2015 National Art Education Association Annual Convention in New Orleans, LA

It was with great pride that I represented Artspace at the National Arts Education Association Convention in New Orleans at the end of March. I was a first time attendee amongst over 5,000 other art educators from all across the country. The convention is a professional development opportunity offered to art educators once a year, and I was fortunate enough to have my first experience take place in the incomparable New Orleans.

My favorite moments occurred when the need arose to explain to the locals who we were: this group of enthusiastic, brightly colored, multi-pattern-wearing folks, loudly enjoying their city. As soon as they learned we were Art Educators, people of all ages, all backgrounds and occupations would immediately wax rhapsodic about their art teachers, all those years ago. It was lovely to have constant reminders that the work we do will be remembered, whether we have nurtured a future Picasso or the best taxi driver in New Orleans or an artistically inclined biologist.

I attended as many sessions as possible that involved engaging learners across the curriculum using the STEAM model. This methodology specifically addresses the use of creative thinking and art making to heighten learning in subjects in science, technology, engineering and mathematics.

Incorporating elements of visual thinking encourages deeper exploration into the gray areas of subject matter that students usually only see in black and white, enhancing the power of creative thinking that is fundamental across all disciplines. I witnessed evidence of many powerful collaborations taking place between public schools and universities, scientists and artists, administrators and students.

One notable presentation on the benefits of the STEAM approach was given by Sara King, Visual Arts Teacher at Wakefield High School in Raleigh. She worked in collaboration with Vladimir Jojic and Elizabeth Shank of UNC Chapel Hill. She notes:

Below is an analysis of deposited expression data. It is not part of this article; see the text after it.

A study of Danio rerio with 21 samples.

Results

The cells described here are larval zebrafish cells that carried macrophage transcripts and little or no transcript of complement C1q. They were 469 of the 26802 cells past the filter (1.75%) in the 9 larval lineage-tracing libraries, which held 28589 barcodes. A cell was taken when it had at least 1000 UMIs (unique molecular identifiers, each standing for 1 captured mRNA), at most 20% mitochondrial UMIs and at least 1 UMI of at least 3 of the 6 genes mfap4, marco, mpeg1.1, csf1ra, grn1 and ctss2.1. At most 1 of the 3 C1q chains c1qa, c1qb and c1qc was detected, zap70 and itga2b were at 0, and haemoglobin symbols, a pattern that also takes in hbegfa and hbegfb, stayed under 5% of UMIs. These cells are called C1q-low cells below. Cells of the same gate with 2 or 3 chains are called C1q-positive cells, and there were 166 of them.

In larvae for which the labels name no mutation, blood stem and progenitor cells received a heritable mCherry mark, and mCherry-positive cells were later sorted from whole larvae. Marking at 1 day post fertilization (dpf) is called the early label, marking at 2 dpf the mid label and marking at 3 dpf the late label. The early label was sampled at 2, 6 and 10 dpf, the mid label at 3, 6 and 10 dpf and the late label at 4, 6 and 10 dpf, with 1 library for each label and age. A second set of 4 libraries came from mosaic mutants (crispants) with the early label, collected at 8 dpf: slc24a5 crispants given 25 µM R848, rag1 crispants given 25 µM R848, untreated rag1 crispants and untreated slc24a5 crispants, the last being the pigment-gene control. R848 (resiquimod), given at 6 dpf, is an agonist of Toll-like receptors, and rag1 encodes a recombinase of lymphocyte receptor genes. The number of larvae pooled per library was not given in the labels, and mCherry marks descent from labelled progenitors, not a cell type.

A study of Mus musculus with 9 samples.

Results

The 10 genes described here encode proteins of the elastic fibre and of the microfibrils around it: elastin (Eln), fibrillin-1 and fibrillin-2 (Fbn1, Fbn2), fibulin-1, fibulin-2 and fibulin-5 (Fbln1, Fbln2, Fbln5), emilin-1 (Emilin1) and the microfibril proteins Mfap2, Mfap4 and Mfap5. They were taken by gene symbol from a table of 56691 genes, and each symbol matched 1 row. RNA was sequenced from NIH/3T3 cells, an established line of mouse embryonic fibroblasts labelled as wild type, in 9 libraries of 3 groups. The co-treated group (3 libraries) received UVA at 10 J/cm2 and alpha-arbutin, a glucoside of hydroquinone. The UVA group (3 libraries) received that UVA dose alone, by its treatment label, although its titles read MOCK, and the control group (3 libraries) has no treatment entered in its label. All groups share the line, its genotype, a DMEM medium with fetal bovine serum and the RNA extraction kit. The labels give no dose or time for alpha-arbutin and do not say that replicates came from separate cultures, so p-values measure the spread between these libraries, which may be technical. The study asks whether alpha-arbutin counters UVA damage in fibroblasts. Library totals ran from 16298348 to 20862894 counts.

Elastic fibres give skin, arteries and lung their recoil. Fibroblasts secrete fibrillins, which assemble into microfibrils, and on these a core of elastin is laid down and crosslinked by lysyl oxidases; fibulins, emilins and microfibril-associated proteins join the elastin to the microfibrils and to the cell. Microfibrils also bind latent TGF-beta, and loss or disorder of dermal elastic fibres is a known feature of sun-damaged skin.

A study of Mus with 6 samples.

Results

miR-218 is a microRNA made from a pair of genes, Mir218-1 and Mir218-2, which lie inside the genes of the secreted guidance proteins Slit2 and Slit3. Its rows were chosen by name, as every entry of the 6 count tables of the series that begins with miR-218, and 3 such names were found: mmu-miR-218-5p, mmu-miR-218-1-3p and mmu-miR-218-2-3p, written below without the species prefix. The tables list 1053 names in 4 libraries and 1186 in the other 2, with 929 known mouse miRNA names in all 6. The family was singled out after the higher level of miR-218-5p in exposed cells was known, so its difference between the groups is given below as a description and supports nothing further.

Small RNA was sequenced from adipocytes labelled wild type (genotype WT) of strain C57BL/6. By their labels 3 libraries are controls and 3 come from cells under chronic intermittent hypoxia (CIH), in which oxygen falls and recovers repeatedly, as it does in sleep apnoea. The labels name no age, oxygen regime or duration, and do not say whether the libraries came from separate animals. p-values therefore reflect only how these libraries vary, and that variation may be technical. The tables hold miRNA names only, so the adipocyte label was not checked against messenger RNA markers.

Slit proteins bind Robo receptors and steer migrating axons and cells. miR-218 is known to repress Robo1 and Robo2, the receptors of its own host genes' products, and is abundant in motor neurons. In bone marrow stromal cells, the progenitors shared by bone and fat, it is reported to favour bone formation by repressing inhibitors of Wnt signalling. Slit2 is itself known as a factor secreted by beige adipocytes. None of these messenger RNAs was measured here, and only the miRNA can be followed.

“With changing standards and curriculum, students are more often being asked to evaluate and synthesize information in more meaningful ways than just memorizing facts. As educators, we need to be able to support and facilitate more creative and interconnected learning opportunities for students.”

Ms. King set out to do just that in a colleague’s AP Biology classroom:

“The problem introduced was how to predict the interaction of different bacterial species. Students were shown some known interactions, then were asked to paint their predictions. They were challenged to consider several characteristics of the bacteria such as color, size, shape and texture.

There is a lot of variety seen in the artwork but that opens up an interesting discussion, ‘What kinds of differences are we seeing? What is the actual outcome and how could we better predict it in the future?’

The results showed insight, careful observation and creative use of line and color – all outside of art class.”

Student drawing of bacteria from collaboration between Sara King, Visual Arts Teacher at Wakefield High School in Raleigh and Vladimir Jojic and Elizabeth Shank of UNC Chapel Hill.

Student drawing of bacteria from collaboration between Sara King, Visual Arts Teacher at Wakefield High School in Raleigh and Vladimir Jojic and Elizabeth Shank of UNC Chapel Hill.

As I continue to process the information gleaned from the convention I will begin updating our popular outreach program to Wake County Public Schools: Process and Product. I will be exploring the diverse wealth of community partners in the Triangle as I search for creative collaborations with computer programmers, scientists, engineers, naturalists, school administrators and art teachers. The teaching artists at Artspace will serve a fundamental role in our partnership with schools as we continue our mission to inspire creative energy in our community!

Together we can work to bring art back into our classrooms in a meaningful way that demonstrates the fundamental necessity for creative thought in every field.

About Brett Morris

Brett is the Programs Assistant at Artspace, Inc. He graduated from NC State University in 2013 with a BA in Art + Design and has years of experience in helping to run a summer arts program, having been a counselor and a coordinator at the Design Camp at CAM Raleigh and NCSU. He is also a skilled photographer, graphic designer, screen printer, and has organized and installed exhibitions.